Series: Between the Lines #1
Published by Simon & Schuster Books for Young Readers on June 26, 2012
Delilah is a bit of a loner who prefers spending her time in the school library with her head in a book—one book in particular. Between the Lines may be a fairy tale, but it feels real. Prince Oliver is brave, adventurous, and loving. He really speaks to Delilah. And then one day Oliver actually speaks to her. Turns out, Oliver is more than a one-dimensional storybook prince. He’s a restless teen who feels trapped by his literary existence and hates that his entire life is predetermined. He’s sure there’s more for him out there in the real world, and Delilah might just be his key to freedom.A romantic and charming story, this companion novel to Off the Page will make every reader believe in the fantastical power of fairy tales.
Between the Lines is a new favorite of mine. Jodi Picoult and Samantha van Leer have come up with the most outstanding question: What do book characters do while the book is actually closed? They decided that the characters actually talk and become friends with one another while the book is closed.
They also have completely different personalities. Perhaps the evil villain is actually a really nice guy. Also, it’s as if the characters act out the story. They actually have to get into places and not mess up their lines. This entire idea just amazed me so much.
The reader follows three different points of view: the fairytale, Delilah, and Oliver. Between the Lines is about a teen named Delilah who always finds friends in books. She ends up finding a book named Between the Lines and she absolutely loves it.
The only problem is… it’s a child’s book. One of Delilah’s favorite things about the book is that she can easily relate with the main prince, Oliver. Sometimes, Delilah even feels as if she can actually see Oliver move.
In Oliver’s point of view, he just wants to leave. He’s portrayed as a brave person, though he’s not brave at all. The only thing he wants to do is get out of the book by trying to get somebody’s attention. He feels that it’s rather boring acting out the same story over and over and over and over and… yeah, point proved. He decides to go after Delilah.
Oliver actually ends up getting Delilah’s attention and both become closer in the search to help Oliver get out of the book.
Delilah was such a relatable character. She loved books. How much closer could we get? If only book characters could actually talk… Oliver is one of my new favorite characters. He was just so funny. There’s also the fact that he’s a prince. Oliver and Delilah would be so good together.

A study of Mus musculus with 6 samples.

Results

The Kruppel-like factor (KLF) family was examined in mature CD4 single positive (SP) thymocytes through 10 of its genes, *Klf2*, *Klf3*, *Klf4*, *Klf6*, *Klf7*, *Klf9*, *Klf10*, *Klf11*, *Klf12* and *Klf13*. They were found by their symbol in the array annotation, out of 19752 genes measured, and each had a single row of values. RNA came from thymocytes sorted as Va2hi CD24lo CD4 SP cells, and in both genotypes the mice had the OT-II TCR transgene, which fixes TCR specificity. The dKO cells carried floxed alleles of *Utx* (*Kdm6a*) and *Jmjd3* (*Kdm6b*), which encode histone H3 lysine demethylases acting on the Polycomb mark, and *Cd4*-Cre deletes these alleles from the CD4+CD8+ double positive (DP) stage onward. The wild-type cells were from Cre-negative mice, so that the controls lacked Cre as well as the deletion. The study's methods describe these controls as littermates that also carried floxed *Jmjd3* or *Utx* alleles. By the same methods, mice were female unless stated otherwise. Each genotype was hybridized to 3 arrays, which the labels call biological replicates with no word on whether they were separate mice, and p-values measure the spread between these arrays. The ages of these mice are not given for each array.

I’ve actually met Jodi Picoult at a signing recently, and I found that there might possibly be a sequel sometime. I mean, there’s definitely a cliffhanger, so I hope that there is one! If you’re looking for a really fun and clever read, definitely pick this one up. I’m definitely going to read mine repeatedly.
Recommended for fans of:
“Just because it’s fiction doesn’t mean it’s any less true.”
“That’s what love is. It’s some power greater than you and me, that draws us to one special person.”
“Everyone Deserves A Happy Ending.”
“In books, you always know what’s coming next. There are no surprises.”
“You may be real, but you’re still stuck in a book.”
“Talking out loud to fictional characters is just the tip of the iceberg.”
“What makes a treasure a treasure is how rare a find it is, when you need it most.”
“Maybe the reason I’ve never died in this story is that I’ve never had something worth dying for before.”
“Who spit in your porridge?”
“She’s not like anyone I’ve ever seen before. When I’m not with her, I want to be. And when she opens the book and I see her face, I can barely remember what I’m supposed to say, much less how to speak at all”. I test the words on my tongue. “I think I might be in love with her. But how can I really know, since the only love I’ve ever experienced was written for me?”
“Is it really worth dying for the person you love?”
“Just so you know,” I begin, “when they say ‘Once upon a time’… they’re lying. It’s not once upon a time. It’s not even twice upon a time. It’s hundreds of times, over and over, every time someone opens up the pages of this dusty old book.”
“Here’s what no one ever tells you about love: it hurts, having your heart broken.”
“The question is not if you’re willing to die for her. The question is, can you live without her?”
Have you read this novel? I’d love to hear your thoughts!